PARIS — Kering said net profit fell 63.4 percent in the first six months of the year after the coronavirus pandemic forced it to close stores and factories worldwide and brought tourism to a halt — and the French luxury group does not expect its lost revenues to be offset in the second half.

Group revenues in the three months to June 30 fell 43.5 percent to 2.17 billion euros, representing a decline of 43.7 percent in comparable terms. This came on the heels of a 15.4 percent drop in the first quarter.

In percentage terms, the decline was greater than the one recorded by sector leader LVMH Moët Hennessy Louis Vuitton, which on Monday reported a 38 percent drop in second-quarter sales, but was below a consensus of analyst estimates, which called for a 48 percent fall.

Kering flagged an “encouraging” recovery as stores reopened, particularly in the Asia-Pacific region, and saw a 72.4 percent jump in online sales in the second quarter. But organic sales at its cash cow brand Gucci fell 44.7 percent during the period, compared with a 23.2 percent drop in the prior three months.


“It is fair to say that the first half of 2020 has been the toughest period we have faced,” François-Henri Pinault, chairman and chief executive officer of Kering, said in a statement issued after the market close.

“Our results today underscore the extent of the disruption exacted by the pandemic on our operations. Even more importantly, the resilience of our performances validates our model and supports our confidence that we will come out of this crisis even stronger,” he added.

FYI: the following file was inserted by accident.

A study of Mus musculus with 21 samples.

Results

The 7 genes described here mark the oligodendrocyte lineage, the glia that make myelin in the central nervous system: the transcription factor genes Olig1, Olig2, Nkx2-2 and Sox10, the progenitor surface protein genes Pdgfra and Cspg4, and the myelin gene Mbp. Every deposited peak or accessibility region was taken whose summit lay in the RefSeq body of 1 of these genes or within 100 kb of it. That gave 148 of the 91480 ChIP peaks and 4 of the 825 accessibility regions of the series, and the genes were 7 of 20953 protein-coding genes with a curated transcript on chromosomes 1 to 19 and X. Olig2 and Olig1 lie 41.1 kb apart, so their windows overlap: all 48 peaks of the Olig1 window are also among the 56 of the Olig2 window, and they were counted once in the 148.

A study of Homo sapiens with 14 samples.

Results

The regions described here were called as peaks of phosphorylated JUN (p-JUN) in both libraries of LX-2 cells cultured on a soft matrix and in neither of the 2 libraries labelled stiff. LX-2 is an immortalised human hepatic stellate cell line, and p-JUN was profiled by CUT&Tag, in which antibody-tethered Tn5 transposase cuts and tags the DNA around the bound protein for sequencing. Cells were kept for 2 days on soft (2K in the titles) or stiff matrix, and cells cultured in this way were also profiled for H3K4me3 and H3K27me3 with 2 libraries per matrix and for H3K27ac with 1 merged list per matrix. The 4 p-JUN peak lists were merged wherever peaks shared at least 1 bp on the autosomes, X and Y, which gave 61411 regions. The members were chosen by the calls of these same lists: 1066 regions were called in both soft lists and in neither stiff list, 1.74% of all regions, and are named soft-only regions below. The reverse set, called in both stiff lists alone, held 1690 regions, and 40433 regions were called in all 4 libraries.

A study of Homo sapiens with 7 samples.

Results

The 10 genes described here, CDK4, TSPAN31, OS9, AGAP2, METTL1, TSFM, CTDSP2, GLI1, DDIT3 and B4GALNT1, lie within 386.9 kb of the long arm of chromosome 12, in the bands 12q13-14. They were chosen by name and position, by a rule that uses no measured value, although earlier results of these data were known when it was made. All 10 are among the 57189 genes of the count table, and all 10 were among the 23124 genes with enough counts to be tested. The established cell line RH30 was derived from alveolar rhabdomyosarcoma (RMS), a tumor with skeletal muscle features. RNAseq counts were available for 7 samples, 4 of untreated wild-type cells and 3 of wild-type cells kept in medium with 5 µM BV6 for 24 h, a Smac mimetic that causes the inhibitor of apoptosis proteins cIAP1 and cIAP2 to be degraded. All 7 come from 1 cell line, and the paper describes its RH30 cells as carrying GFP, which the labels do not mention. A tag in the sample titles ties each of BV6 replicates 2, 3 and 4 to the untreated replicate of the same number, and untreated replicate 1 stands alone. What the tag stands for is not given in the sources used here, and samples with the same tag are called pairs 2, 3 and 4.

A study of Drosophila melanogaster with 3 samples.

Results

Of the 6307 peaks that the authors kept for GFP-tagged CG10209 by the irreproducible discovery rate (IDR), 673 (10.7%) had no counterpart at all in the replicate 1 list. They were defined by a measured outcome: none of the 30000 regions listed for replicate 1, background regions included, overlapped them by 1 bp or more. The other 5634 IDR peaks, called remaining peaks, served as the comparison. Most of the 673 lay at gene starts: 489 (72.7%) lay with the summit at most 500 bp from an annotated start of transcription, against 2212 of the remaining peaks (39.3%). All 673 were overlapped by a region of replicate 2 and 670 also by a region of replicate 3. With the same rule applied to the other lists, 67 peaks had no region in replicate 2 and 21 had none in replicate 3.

Kering, whose brands also include Saint Laurent, Bottega Veneta and Balenciaga, posted net income of 569.3 million euros in the first half. Recurring operating profit was down 57.7 percent to 952.4 million euros, yielding an operating margin of 17.7 percent, down from 29.5 percent in the same period last year.

“The lack of visibility about how the worldwide personal luxury goods market will evolve in the next few months makes it impossible to forecast the group’s second-half sales with any sufficient degree of reliability. However, the loss in revenue experienced in the first six months of the year should not be offset in the second half,” Kering predicted.

It declined to forecast its recurring operating margin for 2020 as a whole, but said the cost-cutting measures implemented in the first half should benefit results during the second part of the year.

Gucci saw wholesale revenues shrink as the market struggled and it continued to streamline its distribution. “As stores reopened, the house regained a favorable momentum with local customers in its main markets. Online sales performed particularly well in the first half, up 51.8 percent,” Kering said.

Saint Laurent posted a 48.4 percent drop in like-for-like sales, following a decline of 13.8 percent in the first quarter, reflecting its exposure to Western Europe and North America.

After bucking the general trend last quarter, Bottega Veneta also turned negative, with organic sales falling 24.4 percent, though the drop was contained by positive momentum in the stores that remained open and a rebound in mainland China and South Korea.

Other houses, a segment that includes Balenciaga and Alexander McQueen, saw sales decrease by 44 percent. Balenciaga maintained a double-digit operating margin during the first half, but watch manufacturers were heavily impacted by the sharp contraction in their market, Kering reported.

This story was reported by WWD and originally appeared on WWD.com.